World powers urge N. Korea to drop satellite launch
WASHINGTON (Yonhap) ― The U.S. State Department said Friday it will be "very hard to imagine" giving planned food aid to North Korea if the communist regime goes ahead with its plan to launch a satellite, a move seen as a disguise for a missile test.
"Were we to have a launch, it would create, obviously, tensions," department spokeswoman Victoria Nuland said at a press briefing. "And that would make the implementation of any kind of a nutritional agreement quite difficult."
North Korea said earlier in the day that it will launch an earth observation satellite aboard a long-range rocket next month. The announcement came just weeks after Pyongyang agreed to temporarily put a moratorium on missile and nuclear tests and freeze its uranium-enrichment facilities in exchange for 240,000 tons of food aid from the U.S.
"If they were to go forward with this launch, it's very hard to imagine how we would be able to move forward with a regime whose word we have no confidence in and who has egregiously violated its international commitments," Nuland said, referring to United Nations Security Council resolutions banning North Korea from using its ballistic missile program.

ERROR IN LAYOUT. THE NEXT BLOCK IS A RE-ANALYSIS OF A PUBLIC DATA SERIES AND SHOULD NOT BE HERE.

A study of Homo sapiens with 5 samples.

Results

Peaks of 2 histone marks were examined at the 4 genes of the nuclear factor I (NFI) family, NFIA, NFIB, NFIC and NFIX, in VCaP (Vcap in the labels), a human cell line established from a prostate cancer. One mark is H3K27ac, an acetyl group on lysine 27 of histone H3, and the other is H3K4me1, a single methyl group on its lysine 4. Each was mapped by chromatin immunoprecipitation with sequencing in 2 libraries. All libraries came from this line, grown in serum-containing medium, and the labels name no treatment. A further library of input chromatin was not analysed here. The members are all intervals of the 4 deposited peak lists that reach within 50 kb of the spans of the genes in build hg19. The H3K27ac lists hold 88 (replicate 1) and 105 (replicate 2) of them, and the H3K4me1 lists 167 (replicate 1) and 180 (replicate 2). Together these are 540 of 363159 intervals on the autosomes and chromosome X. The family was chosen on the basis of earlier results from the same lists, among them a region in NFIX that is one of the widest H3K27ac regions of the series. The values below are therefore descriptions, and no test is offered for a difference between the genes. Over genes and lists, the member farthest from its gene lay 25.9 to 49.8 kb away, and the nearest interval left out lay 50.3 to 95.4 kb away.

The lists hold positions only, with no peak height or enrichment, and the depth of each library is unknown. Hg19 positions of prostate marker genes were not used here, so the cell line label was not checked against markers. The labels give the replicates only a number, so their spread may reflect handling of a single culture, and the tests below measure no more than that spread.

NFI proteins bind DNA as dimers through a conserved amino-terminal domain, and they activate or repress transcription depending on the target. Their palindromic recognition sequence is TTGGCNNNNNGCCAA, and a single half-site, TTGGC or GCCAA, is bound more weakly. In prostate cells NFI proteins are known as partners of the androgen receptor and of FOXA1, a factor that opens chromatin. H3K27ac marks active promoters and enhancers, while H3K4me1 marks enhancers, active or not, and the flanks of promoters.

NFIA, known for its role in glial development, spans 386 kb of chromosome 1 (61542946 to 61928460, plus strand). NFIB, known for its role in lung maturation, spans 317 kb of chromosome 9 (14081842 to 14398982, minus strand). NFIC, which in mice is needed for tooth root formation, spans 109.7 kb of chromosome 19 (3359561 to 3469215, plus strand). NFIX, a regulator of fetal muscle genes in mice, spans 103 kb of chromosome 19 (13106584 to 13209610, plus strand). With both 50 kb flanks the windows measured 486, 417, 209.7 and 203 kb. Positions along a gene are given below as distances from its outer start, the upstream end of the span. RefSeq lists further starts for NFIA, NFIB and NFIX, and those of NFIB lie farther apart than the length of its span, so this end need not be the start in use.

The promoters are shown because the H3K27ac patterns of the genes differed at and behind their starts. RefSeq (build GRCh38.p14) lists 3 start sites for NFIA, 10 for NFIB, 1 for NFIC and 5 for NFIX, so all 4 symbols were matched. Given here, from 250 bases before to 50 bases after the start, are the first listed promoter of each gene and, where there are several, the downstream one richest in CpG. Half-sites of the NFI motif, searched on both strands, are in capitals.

The North's Korean Committee for Space Technology said Unha-3 rocket carrying Kwangmyongsong-3 will blast off from its satellite launching station in North Pyongan Province between April 12 and 16 "to mark the 100th birth anniversary of President Kim Il-sung," the country's founder and the late grandfather of current leader Kim Jong-un.
The launch date is set around the late founder's April 15 birthday, one of the most important holidays in the isolated country. The North, one of the poorest countries in the world, has vowed to usher in a prosperous and powerful nation by the milestone anniversary.
Meanwhile, U.N. Secretary-General Ban Ki-moon issued a statement urging North Korea to "reconsider its decision in line with its recent undertaking to refrain from long-range missile launches."
The statement, attributed to Ban's spokesperson, said the secretary-general is "seriously concerned" by the North's announcement.